Take a look at the following checklist, courtesy of AAA, to use before a storm hits:
Make sure your car’s gas tank is full. Service stations may not have power to run their pumps.
Clean your windshield clean and test your wipers.
Properly inflate your tires.
Check that all lights are working properly.
Have an emergency road kit in your trunk, including a flashlight, batteries, reflective triangles, fire extinguisher, jumper cables; first aid kit, jack and spare tire, rain gear or extra clothing, and a pocket knife.
“As the Snow Storm of 2013 crashes into our region, driving can very quickly become hazardous,” said Meade. “Heavy rain, high winds, and standing water on roads create some of the worst driving conditions, largely because unlike snow, drivers cannot see it as readily.”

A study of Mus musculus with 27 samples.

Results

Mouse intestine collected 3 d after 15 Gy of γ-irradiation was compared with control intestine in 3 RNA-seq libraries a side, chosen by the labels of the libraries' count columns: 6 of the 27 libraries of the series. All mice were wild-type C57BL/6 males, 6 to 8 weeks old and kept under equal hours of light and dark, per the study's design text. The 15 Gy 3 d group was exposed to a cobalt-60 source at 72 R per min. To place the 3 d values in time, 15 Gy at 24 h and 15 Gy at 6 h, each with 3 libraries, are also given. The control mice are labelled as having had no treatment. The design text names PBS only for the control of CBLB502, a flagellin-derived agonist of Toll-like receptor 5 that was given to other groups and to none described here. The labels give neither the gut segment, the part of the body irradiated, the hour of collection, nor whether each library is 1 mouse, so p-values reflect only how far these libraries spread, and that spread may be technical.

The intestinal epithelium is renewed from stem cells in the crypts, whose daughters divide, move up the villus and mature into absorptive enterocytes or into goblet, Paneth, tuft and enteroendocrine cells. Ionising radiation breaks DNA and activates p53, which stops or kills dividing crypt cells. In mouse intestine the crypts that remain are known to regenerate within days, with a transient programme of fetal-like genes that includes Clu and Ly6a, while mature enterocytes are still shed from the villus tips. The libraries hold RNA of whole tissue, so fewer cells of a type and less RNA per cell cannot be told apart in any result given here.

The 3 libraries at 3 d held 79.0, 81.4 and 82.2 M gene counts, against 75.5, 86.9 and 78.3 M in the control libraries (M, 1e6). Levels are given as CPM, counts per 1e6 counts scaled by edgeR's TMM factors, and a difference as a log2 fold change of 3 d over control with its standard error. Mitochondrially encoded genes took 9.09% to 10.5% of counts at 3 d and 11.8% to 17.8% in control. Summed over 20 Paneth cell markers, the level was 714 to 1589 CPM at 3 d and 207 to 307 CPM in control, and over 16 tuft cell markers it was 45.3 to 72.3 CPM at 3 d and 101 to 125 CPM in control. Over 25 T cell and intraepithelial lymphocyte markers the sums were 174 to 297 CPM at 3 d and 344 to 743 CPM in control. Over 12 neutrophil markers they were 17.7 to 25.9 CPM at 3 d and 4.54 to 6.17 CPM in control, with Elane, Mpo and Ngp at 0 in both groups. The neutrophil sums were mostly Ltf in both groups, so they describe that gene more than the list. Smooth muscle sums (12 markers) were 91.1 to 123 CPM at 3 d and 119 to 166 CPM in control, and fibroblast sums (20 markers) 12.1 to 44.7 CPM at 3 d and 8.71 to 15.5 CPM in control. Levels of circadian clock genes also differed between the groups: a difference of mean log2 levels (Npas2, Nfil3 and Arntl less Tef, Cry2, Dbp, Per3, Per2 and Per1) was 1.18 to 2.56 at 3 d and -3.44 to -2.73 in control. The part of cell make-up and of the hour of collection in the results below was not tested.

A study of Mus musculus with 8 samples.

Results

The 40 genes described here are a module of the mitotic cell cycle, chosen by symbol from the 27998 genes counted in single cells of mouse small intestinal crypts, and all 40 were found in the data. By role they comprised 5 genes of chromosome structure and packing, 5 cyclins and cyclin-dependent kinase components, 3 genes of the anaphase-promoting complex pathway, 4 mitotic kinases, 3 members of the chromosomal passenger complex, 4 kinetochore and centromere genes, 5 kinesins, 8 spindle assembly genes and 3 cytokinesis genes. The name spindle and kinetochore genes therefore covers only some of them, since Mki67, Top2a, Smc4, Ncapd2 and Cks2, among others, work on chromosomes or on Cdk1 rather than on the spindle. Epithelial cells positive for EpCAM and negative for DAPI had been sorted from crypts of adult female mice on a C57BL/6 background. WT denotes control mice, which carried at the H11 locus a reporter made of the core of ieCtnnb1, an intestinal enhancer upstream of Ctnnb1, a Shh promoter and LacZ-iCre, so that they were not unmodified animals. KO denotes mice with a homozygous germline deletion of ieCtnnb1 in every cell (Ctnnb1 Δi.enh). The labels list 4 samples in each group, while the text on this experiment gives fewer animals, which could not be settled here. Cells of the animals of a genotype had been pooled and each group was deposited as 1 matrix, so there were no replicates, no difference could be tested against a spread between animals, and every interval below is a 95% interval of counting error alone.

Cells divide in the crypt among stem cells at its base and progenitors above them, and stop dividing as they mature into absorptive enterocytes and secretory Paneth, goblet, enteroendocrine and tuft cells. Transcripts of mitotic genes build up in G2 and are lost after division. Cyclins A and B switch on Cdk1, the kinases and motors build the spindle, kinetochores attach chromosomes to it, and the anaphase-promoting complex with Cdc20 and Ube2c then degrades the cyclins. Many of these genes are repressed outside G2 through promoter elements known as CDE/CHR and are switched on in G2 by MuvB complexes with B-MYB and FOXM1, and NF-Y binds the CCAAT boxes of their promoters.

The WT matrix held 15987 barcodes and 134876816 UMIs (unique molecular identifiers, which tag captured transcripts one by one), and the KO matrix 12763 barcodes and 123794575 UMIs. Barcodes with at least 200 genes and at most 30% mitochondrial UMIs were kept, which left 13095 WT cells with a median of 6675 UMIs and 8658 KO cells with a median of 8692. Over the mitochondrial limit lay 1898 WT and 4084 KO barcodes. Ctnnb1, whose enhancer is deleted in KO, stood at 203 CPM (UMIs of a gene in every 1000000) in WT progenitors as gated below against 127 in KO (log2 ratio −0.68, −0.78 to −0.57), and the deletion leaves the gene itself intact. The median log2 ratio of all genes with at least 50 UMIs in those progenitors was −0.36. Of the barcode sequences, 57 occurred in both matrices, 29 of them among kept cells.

Once the storm hits, you’ll want to be sure to stay off the roads.
If you have to be out there, follow these guidelines:
Follow road closure signs and emergency warnings. Don not drive on closed roads.
Turn on your wipers and headlights at the first sign of rain. Virginia law dictates that headlights must be on when your wipers are on due to inclement weather.
If windows begin to fog, turn on the car’s defroster.
Use low-beam headlights to help other drivers see your car and increase visibility.
Slow down. Rain decreases visibility and increases braking distances.
Don’t follow too close. Increase your following distance to 8 seconds or more.
Train your eyes farther down the road than normal.
Driving in other vehicle’s tracks can improve traction and help you avoid hydroplaning.
Be wary of high wind conditions. Larger trucks are more affected by high winds, so give them plenty of room on the roadways.
Watch out for debris or downed wires on the roadways.
Do not attempt to cross any standing water on the road. Just six inches can make you lose control of your car. Two feet of water will carry away most cars.